If Dr. Kevin Bonner isn’t busy performing a life-changing arthroscopic shoulder surgery, he’s busy thinking of ways to improve the operation.
After five years and hundreds of surgeries a year, all of that mindful thinking has paid off.
“I love trying to look at deficits in the field where we don’t have a procedure that’s been perfected,” he said.
Bonner, an orthopedic surgeon at the Jordan-Young Institute in Virginia Beach, along with colleagues, Dr. David Diduch of the University of Virginia and Dr. Mark Getelman of Southern California Orthopedic Institute, developed a device that is revolutionizing shoulder surgery.
The Tight-N Tendon Docking Anchor, ranging from 5.5 millimeters to 8.5 millimeters, is made of polyetheretherketone polymer, a bioinert plastic more commonly known as PEEK.
The implant that holds a tendon and fixes a bicep was bought and co-developed by DePuy Synthes, the orthopedics company of Johnson & Johnson. It received approval by the Food and Drug Administration last year. Recently released in the U.S., Bonner said it will be available worldwide soon.
“There have been multiple ways — both arthroscopic and open — to fix somebody’s biceps tendon and tendons in their body,” he said. “And all of them had upsides and downsides, but none were what I’ll call A-plus.”
Now, the bar is elevated.
“The tendon gets fixed to the bone, and this is a way biologically to take advantage of certain things in an environment for the tendon to heal,” he said. “And it doesn’t cause any tendon damage, which is part of what makes it unique.”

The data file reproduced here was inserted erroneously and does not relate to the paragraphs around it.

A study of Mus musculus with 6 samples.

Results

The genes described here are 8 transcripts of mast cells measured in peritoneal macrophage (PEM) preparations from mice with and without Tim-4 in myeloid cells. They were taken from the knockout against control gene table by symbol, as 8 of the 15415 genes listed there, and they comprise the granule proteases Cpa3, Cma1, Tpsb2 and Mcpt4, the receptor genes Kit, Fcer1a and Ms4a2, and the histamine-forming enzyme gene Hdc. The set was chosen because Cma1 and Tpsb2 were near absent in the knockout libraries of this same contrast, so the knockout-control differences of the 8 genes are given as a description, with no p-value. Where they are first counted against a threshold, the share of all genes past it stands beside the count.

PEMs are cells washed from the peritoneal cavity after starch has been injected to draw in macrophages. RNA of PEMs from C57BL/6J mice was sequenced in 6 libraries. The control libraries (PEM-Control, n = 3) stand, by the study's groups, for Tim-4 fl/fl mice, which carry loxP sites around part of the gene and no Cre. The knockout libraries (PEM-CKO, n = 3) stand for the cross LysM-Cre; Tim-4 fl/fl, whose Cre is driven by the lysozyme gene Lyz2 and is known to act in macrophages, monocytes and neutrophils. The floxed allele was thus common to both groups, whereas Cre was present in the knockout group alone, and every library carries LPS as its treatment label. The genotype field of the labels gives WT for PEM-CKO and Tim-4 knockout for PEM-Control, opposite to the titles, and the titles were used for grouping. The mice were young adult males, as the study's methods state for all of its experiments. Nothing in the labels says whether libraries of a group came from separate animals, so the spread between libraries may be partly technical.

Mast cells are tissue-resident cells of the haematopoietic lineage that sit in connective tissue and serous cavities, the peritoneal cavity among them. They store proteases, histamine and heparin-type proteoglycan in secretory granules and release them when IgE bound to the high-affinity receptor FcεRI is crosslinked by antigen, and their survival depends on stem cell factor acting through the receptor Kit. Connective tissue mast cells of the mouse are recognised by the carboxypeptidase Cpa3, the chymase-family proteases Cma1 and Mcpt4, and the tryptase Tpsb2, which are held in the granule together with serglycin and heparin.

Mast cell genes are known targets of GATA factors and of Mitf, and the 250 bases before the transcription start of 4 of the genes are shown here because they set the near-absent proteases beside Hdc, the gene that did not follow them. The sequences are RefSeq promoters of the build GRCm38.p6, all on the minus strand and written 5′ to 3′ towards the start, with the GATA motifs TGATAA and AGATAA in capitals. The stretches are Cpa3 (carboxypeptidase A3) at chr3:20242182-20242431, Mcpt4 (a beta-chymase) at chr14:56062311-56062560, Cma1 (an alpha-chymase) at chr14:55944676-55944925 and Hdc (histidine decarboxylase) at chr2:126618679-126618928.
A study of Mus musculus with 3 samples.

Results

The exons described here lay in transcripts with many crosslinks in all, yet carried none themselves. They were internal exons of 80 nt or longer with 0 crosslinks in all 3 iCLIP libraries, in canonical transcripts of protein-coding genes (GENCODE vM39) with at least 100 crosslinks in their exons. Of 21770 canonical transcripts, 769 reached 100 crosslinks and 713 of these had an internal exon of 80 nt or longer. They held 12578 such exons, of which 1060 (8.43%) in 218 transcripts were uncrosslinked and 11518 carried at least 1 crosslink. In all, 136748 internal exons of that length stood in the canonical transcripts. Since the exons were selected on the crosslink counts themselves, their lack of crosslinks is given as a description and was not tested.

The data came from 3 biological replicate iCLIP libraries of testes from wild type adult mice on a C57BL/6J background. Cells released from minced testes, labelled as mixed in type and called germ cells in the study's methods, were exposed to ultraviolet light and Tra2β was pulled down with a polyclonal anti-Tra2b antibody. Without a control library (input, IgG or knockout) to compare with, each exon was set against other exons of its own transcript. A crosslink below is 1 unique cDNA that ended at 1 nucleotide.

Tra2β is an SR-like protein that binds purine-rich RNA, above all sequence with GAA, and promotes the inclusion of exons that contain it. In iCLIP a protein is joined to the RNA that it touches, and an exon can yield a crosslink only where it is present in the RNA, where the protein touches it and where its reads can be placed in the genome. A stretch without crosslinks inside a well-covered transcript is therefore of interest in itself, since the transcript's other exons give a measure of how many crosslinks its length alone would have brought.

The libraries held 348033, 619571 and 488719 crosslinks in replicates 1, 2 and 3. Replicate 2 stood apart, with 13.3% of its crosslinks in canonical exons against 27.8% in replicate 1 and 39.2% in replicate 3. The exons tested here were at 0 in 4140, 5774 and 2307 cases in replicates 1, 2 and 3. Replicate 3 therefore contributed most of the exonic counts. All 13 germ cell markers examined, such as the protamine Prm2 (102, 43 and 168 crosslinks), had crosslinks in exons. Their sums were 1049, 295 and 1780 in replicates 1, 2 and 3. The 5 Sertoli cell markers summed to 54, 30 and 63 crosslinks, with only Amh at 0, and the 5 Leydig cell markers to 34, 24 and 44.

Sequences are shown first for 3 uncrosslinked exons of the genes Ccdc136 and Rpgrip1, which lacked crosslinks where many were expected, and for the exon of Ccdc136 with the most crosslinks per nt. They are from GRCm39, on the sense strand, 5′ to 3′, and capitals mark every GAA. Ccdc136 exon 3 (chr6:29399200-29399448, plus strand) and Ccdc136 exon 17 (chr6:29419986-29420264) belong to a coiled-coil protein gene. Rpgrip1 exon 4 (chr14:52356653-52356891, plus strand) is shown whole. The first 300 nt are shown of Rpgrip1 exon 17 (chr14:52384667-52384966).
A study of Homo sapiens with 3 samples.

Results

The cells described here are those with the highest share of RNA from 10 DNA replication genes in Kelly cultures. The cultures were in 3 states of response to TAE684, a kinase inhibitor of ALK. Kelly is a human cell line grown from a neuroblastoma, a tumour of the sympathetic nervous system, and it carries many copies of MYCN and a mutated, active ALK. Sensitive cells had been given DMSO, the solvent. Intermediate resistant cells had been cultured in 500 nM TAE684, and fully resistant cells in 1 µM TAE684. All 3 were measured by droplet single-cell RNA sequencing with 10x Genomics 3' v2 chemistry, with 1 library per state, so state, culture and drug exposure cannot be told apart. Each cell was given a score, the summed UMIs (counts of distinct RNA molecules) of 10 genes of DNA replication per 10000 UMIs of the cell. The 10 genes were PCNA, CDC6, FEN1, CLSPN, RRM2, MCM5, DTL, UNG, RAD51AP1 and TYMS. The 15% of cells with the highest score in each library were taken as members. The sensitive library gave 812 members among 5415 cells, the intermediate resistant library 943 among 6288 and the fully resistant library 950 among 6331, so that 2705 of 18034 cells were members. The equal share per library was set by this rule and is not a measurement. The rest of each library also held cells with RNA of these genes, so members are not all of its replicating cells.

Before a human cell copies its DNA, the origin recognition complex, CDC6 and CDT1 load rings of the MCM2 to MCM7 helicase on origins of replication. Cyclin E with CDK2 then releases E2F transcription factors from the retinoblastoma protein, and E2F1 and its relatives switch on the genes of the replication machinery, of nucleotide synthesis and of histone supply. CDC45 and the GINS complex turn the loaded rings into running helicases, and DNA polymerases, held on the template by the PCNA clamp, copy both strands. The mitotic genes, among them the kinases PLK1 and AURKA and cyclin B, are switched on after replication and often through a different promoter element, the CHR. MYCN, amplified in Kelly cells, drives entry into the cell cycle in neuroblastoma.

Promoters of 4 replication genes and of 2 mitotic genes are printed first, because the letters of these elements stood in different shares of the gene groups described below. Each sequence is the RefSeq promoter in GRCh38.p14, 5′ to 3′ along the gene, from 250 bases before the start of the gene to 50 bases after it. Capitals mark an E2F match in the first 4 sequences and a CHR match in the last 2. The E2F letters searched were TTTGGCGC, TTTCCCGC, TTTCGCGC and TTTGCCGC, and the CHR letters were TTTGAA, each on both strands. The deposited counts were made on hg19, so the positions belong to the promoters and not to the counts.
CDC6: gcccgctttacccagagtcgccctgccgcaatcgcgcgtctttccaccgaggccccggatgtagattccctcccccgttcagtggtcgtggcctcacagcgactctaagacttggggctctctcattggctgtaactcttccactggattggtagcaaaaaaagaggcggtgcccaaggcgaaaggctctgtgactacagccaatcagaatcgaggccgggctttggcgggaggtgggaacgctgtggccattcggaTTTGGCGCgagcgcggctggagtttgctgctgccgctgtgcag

Bonner has surgically implanted more than 130 since the device went on the market in December 2022.
Renee Thomas, of Virginia Beach, had surgeries by Bonner for torn bicep tendons — her left shoulder four years ago and her right shoulder in February — and the anchor device was what set them apart.
“I was expecting a very similar experience after, but this recovery has been quite different,” Thomas said. “I legitimately did not need pain pills after day three.”
Four weeks post-operation, she felt comfortable enough to remove her sling and had to remind herself not to return to normal activities yet, Thomas said.
Thomas said she was able to sleep lying down in bed rather than a recliner from day one, and her range of motion came back much quicker.
“The only real difference is this new device, and I believe 100% that has a lot to do with the difference in recoveries that I have experienced,” Thomas said.
For Bonner, that is the greatest sense of satisfaction.
“We have a lot of innovation in medicine in the Hampton Roads area in orthopedics,” Bonner said, noting patients are referred here from throughout the world.
Bonner, who grew up on a small farm on the New Jersey-Pennsylvania border, spent four years in the Navy, serving as an orthopedic surgeon for the Navy SEALs.
A self-proclaimed “ortho geek,” it was an injury to his elbow while studying at Georgetown University on an athletic scholarship for baseball that spurred his interest in orthopedics and sports medicine.
“I like returning people to their active lifestyle, their activities and what they enjoy,” he said.
A professor at Eastern Virginia Medical School who also teaches throughout the world, Bonner joined Jordan-Young in 2002 and serves as the director of its research foundation.
Constantly researching, reading, learning and writing for textbooks and other medical publications, Bonner said it’s imperative he stay on the cutting edge to maintain the highest level of care for his patients.
“I tell everyone, including my OR staff, the day I stop reading and going to courses is the day you have to tell me I need to retire,” he said.
But for now, it’s not uncommon for Bonner to wake up in the middle of the night with an idea.
Blessed with a supportive family, Bonner said he is thankful they make it easier to maintain his work-life balance.
As a scientific adviser for Embody, a soft tissue company based in Norfolk recently bought by Zimmer Biomet, Bonner helped the startup develop a primarily collagen suture.
And he has several other inventions in the works.
“You only have one chance to go through this world,” he said. “So I’m trying to contribute as much as I can.”